Editor’s Note: This column was written by Peter Pelland, CEO of Pelland Advertising, a company that he founded in 1980 and that has been serving the family camping industry for nearly 40 years. His company specializes in building fully responsive websites, along with producing a full range of four-color process print advertising, for clients from coast to coast. Learn more about Pelland Advertising at https://pelland.com/.
I recall back in early 2013 when I was one of the first people to suggest that an effective way for campgrounds to expand their markets was to stop thinking that their campers came in only one flavor, vanilla. At that time, and up until recently, many campground owners were still under the mistaken assumption that camping was strictly a middle-class Caucasian American pursuit.
Stereotypical photos on websites and marketing materials, perhaps unintentionally, sent out a subliminal message that did not exactly put out the welcome mat for Hispanic, African-American, Asian-American, and international guests. In the interim, industry studies have consistently demonstrated that some of the greatest growth potential is coming from these “non-traditional” campground market segments. As political candidates suspect, and the 2020 United States Census will no doubt confirm, the combination of various minority population segments now accounts for a cumulative majority of the American population.
According to the U.S. Census Bureau, Hispanics and Latinos alone now comprise nearly 19% of the population in the United States, projected to reach 25% by 2045. Of these, 90% speak English, 78% speak Spanish, 69% are bi-lingual (Spanish and English), 22% speak only English, and 9% speak only Spanish. Are you reaching out to this vast market, or are you simply following an outmoded and incorrect stereotype that says that Hispanics and Latinos are not part of your customer base?
Most small businesses work on very small margins, and incremental increases in income can make the difference between profit or loss. Factors such as additional retail sales in your store, extended stays, lower credit card processing fees, propane fills, and firewood sales all come into play and have a cumulative effect; however, these shy in comparison to the potential of an overall increase in market share.
For several years now, my company has been building French language versions of websites for clients in the northeastern United States and the predominantly English-speaking Canadian provinces, in a concerted effort to draw significant percentages of French Canadian vacation traffic. Those clients have frequently been complimented by their French Canadian customers, thanking them for providing a French language version of their website that was thoughtfully created, carefully translated, and contained full content.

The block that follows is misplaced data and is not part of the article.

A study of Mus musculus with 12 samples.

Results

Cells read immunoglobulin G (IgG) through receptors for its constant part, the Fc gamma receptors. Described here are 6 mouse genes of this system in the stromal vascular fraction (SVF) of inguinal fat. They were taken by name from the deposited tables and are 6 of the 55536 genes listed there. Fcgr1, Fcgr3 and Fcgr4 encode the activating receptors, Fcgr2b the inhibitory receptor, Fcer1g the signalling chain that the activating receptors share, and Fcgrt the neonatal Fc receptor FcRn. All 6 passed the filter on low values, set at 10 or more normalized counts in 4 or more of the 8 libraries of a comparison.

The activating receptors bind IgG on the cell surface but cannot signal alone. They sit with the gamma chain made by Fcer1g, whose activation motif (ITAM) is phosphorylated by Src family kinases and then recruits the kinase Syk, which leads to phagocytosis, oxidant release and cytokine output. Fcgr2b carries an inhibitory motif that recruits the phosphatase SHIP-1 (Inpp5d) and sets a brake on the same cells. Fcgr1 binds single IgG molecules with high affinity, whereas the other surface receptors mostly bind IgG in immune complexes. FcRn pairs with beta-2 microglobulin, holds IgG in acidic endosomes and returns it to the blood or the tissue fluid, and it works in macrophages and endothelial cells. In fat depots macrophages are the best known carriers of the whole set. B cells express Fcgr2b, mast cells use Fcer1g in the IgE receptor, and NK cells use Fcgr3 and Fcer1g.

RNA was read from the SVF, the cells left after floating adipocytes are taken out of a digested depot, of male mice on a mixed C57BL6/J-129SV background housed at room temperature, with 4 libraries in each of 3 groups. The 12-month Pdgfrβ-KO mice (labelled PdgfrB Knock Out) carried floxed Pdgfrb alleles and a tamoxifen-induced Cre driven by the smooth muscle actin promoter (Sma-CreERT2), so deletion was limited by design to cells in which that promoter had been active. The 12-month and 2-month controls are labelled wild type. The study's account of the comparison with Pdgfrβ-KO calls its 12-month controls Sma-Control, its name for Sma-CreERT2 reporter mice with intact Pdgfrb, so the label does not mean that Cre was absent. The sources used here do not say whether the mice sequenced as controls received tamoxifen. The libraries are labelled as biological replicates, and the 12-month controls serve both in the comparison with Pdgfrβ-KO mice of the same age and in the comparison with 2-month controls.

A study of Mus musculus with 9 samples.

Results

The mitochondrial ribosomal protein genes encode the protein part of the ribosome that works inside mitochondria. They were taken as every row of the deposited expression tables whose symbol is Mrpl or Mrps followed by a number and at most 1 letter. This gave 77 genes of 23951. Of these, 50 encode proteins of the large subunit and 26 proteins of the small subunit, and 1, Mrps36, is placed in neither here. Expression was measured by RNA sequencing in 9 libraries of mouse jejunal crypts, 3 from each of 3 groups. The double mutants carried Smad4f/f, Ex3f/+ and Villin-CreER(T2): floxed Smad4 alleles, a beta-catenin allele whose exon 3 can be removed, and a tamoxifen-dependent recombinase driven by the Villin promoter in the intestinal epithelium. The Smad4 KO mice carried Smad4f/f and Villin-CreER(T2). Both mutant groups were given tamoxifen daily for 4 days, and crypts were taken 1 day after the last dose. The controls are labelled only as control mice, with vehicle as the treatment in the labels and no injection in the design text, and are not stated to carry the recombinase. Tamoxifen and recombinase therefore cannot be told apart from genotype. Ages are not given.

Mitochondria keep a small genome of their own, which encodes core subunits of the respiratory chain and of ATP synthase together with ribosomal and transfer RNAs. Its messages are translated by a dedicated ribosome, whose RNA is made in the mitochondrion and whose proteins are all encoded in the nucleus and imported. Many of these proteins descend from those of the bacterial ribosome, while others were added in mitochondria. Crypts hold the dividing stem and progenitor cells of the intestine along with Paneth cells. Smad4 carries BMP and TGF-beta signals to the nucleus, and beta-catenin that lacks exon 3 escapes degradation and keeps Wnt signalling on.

A typical comment that was shared with us not that long ago (accompanying a reservation that was made with one of our campground clients) read, “Thank you for your French site. It’s the first time that we see this quality of French language out(side) of Quebec, whether it was on menus in restaurants or on web sites. Nice work and nice attention.”
The message that is conveyed to customers says “we want your business and we care about your business.” Although there is no comparison with a professional translation and unique page content that will be properly indexed by search engines, even a Google Translate widget is a step in the right direction.
We all make buying decisions that are based upon purchasing products and doing business with companies that lie within our personal comfort zones. Those comfort zones may be defined within a variety of standards, and they are particularly crucial when you are trying to persuade a group of people to try something new. What better way could there be to communicate with new customers than for your marketing to speak their language?
In the case of the French Canadian market, the need generally applies to businesses within driving distance of Quebec. In the United States, those historical destination markets include Old Orchard Beach, Maine; Hampton Beach, N.H.; Cape Cod, Mass.; The Wildwoods and Cape May, N.J.; Ocean City, Md.; and Virginia Beach, Va. In the case of the Hispanic and Latino markets, there are no regional limitations. If you are running a business in the United States today, you need to be reaching out to these vast and growing populations in the language that represents their comfort zone.
As another example, I encountered a website of a Canadian campground just this week that was blocking traffic from every country outside of North America. It was not just blocking traffic from hacker havens like Russia and North Korea, but countries in the United Kingdom and Europe that are significant sources of international tourism. This was being done as somewhat of a nuclear response to the vulnerabilities of WordPress and similar platforms to brute force attacks – generally from foreign players – that attempt to gain access by guessing usernames and passwords. Rather than seeking out a stable hosting solution, band-aids are often applied in the form of tools like the “Block Country” plugin. Say goodbye to any prospects of attracting international guests!
Think of automobile manufacturers back in the days of the Chinese Cultural Revolution who viewed China as nothing more than a nation of people who rode bicycles and rickshaws. Did that mean that the Chinese middle class did not want to own automobiles, or did it mean that the biggest demand in automotive history was ready to flourish? In hindsight, we all know the answer, and the companies that have successfully tapped into this market are doing so in their new customers’ native language, using marketing messages that are consistent with their native culture.
You have new markets to explore, both close to home and around the globe. Reach out to them, allow them to hear you, and speak their languages.